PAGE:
Mission Leaders Conference 2014 was hosted by Missio Nexus. The conference gathers mostly North American agency, church, and support organization leaders.
The theme of 2014 was Open For the Gospel and focused on issues of Immigration, Migration, Globalization, Urbanization, and Exploitation.
The main message of the conference was,
“The movement of peoples bring with it new cultures, ideas, beliefs- and their hearts are more open to the Gospel. It is an opportunity for the church if we will open our eyes.”
Here are some observations and analysis I gave under the sections, “Migration and Immigration.”
Jenny Yang shared with us that the U.S. hosts the largest number of migrants globally, over 46 million.
There are 232 million migrants in the world, an increase of 80 million in the last 20 years.
Nearly 50% of the migrants coming to the U.S. are self classified as Christian.
The U.S. is the top destination for Buddhist migrants. Second for Jewish and Hindu.
The country with the largest percentage of their population as migrant is Qatar with a whopping 87% of the population.
Concerning the refugee crisis in Lebanon. Yang says, “It’s as though the entire country of Mexico came into the U.S.”
The dispersion of people from their home countries requires the Church to have a newfound “peoples awareness” and intention to reach out to the migrants in their local communities.
During the conference, J.D. Payne pointed out that there are an estimated 360 unreached people groups represented in America and 180 in Canada. Even if the Church engaged them all, it still leaves over 6,000 unreached people groups in the world, 3,000 of which have “no Bible, no believer, and no Body of Christ” among them.
Therefore, the argument that we no longer have to “go” because “they’re all right here” does not hold weight.
Researcher Todd Johnson has said, “86% of Muslims, Hindus, and Buddhists don’t have a Christian friend.” This is where the Church has the most opportunity right here, right now.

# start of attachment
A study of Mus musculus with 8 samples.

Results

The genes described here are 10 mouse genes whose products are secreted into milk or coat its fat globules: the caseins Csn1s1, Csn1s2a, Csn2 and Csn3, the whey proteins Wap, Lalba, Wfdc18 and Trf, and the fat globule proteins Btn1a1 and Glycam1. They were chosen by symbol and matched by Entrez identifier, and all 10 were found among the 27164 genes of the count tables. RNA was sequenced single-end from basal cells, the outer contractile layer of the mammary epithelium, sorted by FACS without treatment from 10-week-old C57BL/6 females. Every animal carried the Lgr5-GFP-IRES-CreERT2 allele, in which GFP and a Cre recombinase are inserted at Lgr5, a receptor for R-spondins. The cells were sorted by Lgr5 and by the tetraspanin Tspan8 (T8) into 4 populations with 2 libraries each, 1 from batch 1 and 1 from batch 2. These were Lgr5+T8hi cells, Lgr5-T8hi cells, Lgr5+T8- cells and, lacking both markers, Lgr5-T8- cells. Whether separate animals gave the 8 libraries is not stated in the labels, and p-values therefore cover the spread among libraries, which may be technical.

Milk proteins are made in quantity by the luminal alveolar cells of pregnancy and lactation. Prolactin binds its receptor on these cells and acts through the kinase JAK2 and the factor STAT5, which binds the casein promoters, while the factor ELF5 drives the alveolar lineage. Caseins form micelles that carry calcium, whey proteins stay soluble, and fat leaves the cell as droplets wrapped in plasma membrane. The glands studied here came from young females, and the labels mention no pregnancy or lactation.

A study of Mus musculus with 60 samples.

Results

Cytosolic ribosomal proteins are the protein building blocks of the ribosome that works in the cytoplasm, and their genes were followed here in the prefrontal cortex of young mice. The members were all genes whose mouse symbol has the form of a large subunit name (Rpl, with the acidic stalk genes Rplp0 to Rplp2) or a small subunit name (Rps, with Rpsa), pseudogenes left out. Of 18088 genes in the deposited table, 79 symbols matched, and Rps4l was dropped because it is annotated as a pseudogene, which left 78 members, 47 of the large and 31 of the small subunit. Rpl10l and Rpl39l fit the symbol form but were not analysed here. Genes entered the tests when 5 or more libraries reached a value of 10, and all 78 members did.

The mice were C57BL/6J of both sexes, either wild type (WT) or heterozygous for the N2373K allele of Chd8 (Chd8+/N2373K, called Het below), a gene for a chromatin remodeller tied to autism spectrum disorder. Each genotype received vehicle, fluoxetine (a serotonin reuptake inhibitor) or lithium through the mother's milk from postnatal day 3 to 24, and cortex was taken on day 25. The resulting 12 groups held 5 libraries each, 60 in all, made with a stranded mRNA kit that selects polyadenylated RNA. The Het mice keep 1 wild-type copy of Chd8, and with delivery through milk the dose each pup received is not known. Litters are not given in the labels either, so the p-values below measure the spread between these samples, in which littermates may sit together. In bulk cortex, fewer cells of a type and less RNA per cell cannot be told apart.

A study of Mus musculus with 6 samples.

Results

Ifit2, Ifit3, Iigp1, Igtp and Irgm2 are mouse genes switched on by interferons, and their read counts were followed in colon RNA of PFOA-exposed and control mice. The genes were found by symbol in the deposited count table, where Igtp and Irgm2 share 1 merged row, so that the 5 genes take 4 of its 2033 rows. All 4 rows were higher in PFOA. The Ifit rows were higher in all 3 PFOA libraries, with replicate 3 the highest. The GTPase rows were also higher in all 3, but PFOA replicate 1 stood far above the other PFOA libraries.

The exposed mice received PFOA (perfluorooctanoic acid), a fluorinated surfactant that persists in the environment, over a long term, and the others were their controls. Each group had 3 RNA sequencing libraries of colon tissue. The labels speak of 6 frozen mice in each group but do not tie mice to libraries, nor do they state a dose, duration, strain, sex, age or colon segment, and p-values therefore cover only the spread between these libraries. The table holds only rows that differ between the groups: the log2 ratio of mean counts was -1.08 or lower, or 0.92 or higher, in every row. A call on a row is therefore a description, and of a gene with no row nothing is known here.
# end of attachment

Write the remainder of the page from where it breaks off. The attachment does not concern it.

But crossing into these groups won’t happen without intention and a new kind of outreach, something frontier missiologists have been saying for 40 years or more now. Diaspora missiology does not replace frontier missiology, but is a part and parcel of frontier and unreached people group thinking.
Ethno-linguistic people groups listings still help us to understand some core differences between peoples by self identified dialects and ethnic cultures so that people of God can see them and be mobilized to reach out with greater understanding. However this way of viewing peoples can have its limitations and doesn’t account for the shifting identities of many of the people groups who have been dispersed from their home countries and people groups.
Leith Anderson, President of National Association of Evangelicals, challenged us all with how we should view migrants from a Biblical perspective.
He says that in the OT, there are 3 commands to love
Love the immigrant among you
There are 92 commands in the Old Testament to love and care for immigrant
Some of the most prominent ones are:
“Migration has opened the flood gates for mission opportunity. We have, from God, an unprecedented opportunity to reach people who were simply unreachable in the past.”
Leith asked the question, “What are we going to do? Deport 11 million undocumented workers?”
He pointed out that “to deport 1 undocumented worker costs the U.S. government $26k/person. To deport the estimated 11 million undocumented workers will cost and estimated total of 286 billion dollars.”
Leith asks an important question for us to consider, “What are we going to do with their houses, loans, and children?”
The National Association of Evangelicals has issued a statement on immigration reform in America which is built on 7 key principles. It is worth checking out. Click here to read it.
I was challenged by Leith Anderson’s presentation and was compelled to think more deeply about the issues surrounding immigration in our country and our responsibilities as Christians.
It is estimated that over 80% of undocumented workers come from some kind of “Christian” background. If American Christians reach out to them they could be a great force for renewal in our country.
Though our government has a certain responsibility to secure our borders and create fair and equitable legislation, we as the Church have a responsibility to love and care for people. We need to wrestle with this
From a frontier missions perspective, even if we reach out to all the migrants coming to our country, both Christian and non Christian, it still does not release us from our global responsibilities beyond our borders, to the “uttermost ends of the earth.”
The Great Commission is still for the whole church to take the whole Gospel to the whole world. Diaspora ministry is just one important facet of the mission.
We in North America need to give more emphasis to diaspora and migrant ministry, but our involvement in reaching the migrants in our cities does NOT negate the reality that there are still huge swaths of unreached people groups, beyond the representation of the estimated 360 unreached people groups represented in America, who still have little to no ACCESS to the Gospel in our generation.
Reaching the migrants among us-or-the unreached people groups beyond us-is not an “either/or” issue. It is still “both/and.”